Genre: Comedy, Drama
Directed by: Mike White
Starring: Ben Stiller, Austin Abrams, Jenna Fischer, Michael Sheen, Jermaine Clement, Luke Wilson
The movies have never lacked for portrayals of the male mid-life crisis. 8 1/2, Husbands, The Swimmer, Sideways; some of the best films in cinematic history have centred on middle-aged men in existential turmoil. Despite re-treading this decidedly old ground, writer-director Mike White finds plenty to say in his sophomore feature, Brad’s Status.
Brad (Ben Stiller), is the director of a small but successful non-profit, based in California. He’s happily married to Melanie (Jenna Fischer), with whom he has a teenage son, Troy (Austin Abrams). Though on the face of it, his life looks perfect, during the week he takes Troy to visit Harvard, Brad is plagued by insecurities about his place in the world, and how his life has turned out compared to his own wildly successful college classmates (Luke Wilson, Michael Sheen, Jermaine Clement).
The movie is propelled by Brad’s voice-over, and it’s extremely personal; we are privy to his secret desires; we hear each thought that flickers through his fraught and addled mind. These thoughts are always neurotic, and often embarrassingly so, but each one will feel relatable to anyone who has ever worried about dropping behind in life as their friends are surging forward. They may not be pretty thoughts, but they’re honest.
When you talk about the best portrayers of the ‘everyman’ working in Hollywood today, the first name to come up is typically Tom Hanks. Over his long career, and more acutely in recent years with films like The Secret Life Of Walter Mitty, The Meyerowitz Stories and now Brad’s Status, Ben Stiller has proven himself worthy of inheriting that crown.Stiller is so adept at handling men who get stuck within the mire of their own minds (Brad is very much a Walter Mitty type, even down to his daydreams). You can find Brad endlessly frustrating, but Stiller keeps his humanity and vulnerability at the forefront, and so you never stop wishing the best for him. Witnessing his growth over the course of the film is a surprisingly moving experience; that perfectly-pitched final exchange between Brad and Troy earns every emotion it elicits.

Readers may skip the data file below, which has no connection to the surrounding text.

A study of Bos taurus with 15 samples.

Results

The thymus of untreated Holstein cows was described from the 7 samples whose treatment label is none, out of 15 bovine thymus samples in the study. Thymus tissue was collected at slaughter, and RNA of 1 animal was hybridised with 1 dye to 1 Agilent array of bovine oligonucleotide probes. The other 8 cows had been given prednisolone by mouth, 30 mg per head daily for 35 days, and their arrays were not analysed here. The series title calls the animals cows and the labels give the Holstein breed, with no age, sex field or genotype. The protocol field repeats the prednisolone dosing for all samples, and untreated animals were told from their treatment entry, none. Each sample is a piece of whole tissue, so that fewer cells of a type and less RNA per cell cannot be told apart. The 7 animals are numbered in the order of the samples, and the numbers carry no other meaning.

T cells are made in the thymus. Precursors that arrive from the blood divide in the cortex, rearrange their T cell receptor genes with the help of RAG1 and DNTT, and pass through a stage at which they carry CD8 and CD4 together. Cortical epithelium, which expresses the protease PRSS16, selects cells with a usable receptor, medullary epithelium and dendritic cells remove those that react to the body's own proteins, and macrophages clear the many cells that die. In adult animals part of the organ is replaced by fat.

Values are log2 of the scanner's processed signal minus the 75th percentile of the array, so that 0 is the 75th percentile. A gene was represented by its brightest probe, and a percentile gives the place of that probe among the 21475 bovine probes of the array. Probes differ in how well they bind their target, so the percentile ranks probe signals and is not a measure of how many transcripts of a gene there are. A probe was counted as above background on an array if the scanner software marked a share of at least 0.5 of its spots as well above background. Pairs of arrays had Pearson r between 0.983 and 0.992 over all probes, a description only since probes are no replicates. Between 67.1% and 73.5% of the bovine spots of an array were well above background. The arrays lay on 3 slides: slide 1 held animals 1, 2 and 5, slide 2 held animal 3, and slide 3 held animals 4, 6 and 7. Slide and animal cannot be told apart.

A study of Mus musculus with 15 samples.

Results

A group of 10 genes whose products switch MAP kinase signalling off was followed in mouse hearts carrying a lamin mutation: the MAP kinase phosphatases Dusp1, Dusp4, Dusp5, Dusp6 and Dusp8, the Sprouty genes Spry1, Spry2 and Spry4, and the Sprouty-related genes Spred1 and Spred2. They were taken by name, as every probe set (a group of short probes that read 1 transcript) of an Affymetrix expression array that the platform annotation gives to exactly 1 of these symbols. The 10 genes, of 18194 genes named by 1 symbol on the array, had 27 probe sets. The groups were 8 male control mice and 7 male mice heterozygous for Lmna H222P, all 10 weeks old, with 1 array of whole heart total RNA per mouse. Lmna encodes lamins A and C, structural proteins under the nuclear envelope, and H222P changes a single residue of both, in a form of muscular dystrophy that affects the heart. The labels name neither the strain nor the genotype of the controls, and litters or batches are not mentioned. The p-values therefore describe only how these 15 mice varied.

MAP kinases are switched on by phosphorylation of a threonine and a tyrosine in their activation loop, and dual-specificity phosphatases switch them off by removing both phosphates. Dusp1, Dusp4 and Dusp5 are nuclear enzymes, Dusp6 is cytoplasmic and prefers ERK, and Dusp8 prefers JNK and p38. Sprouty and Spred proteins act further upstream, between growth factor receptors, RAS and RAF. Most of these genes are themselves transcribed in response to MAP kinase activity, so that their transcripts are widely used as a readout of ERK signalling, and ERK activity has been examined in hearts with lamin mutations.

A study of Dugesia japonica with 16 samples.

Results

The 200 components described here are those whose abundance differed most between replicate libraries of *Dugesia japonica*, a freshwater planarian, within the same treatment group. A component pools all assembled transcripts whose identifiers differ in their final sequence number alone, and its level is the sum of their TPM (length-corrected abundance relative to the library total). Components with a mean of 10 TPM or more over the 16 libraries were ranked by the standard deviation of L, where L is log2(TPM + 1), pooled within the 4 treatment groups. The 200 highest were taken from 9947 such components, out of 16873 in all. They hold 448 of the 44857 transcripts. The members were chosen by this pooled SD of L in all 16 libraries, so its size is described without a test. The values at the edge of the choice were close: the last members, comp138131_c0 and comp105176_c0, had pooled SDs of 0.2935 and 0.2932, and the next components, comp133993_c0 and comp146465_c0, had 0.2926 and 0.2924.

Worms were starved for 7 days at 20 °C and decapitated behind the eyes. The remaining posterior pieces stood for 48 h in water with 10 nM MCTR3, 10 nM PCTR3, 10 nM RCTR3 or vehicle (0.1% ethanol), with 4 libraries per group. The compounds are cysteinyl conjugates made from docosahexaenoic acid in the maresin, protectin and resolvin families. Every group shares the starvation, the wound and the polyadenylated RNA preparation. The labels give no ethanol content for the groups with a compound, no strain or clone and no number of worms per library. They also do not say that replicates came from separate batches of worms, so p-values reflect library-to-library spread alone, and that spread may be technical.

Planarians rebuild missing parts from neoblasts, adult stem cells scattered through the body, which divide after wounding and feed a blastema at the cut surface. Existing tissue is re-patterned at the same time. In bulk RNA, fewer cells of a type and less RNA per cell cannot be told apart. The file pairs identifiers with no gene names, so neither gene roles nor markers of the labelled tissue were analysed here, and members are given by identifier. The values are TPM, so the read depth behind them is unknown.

It isn’t just the status insecurities that accompany a mid-life crisis that White explores in his witty and astute screenplay. A lot of time is dedicated to tackling the often-cavernous gap between millennials and their parent’s generation. A lengthy dialogue between Brad and Ananya (Shazi Raja), a first-year student at Harvard, is a fascinating swirl of idealism meeting realism; adulation confronted by blunt honesty. Anything new that Brad’s Status has to say about undergoing a mid-life crisis is said during the scenes shared between Brad and Ananya, and they are riveting.
There’s so much going on in Brad’s Status that it would be easy to overlook just how entertaining it is. From Stiller’s many instances of embarrassing his son and his ridiculous daydreams, to exaggerated performances from Jermaine Clement and Michael Sheen, there are few moments that pass without a laugh, or at least a rueful smile. That there’s such a truth behind the funny moments makes them all the funnier.
Brad’s Status may re-tread old ground, but it does so with a spring in its step and a wise head on its shoulders. It’s a sterling screenplay from Mike White, and yet another reminder that we don’t give Ben Stiller enough credit as a dramatic actor.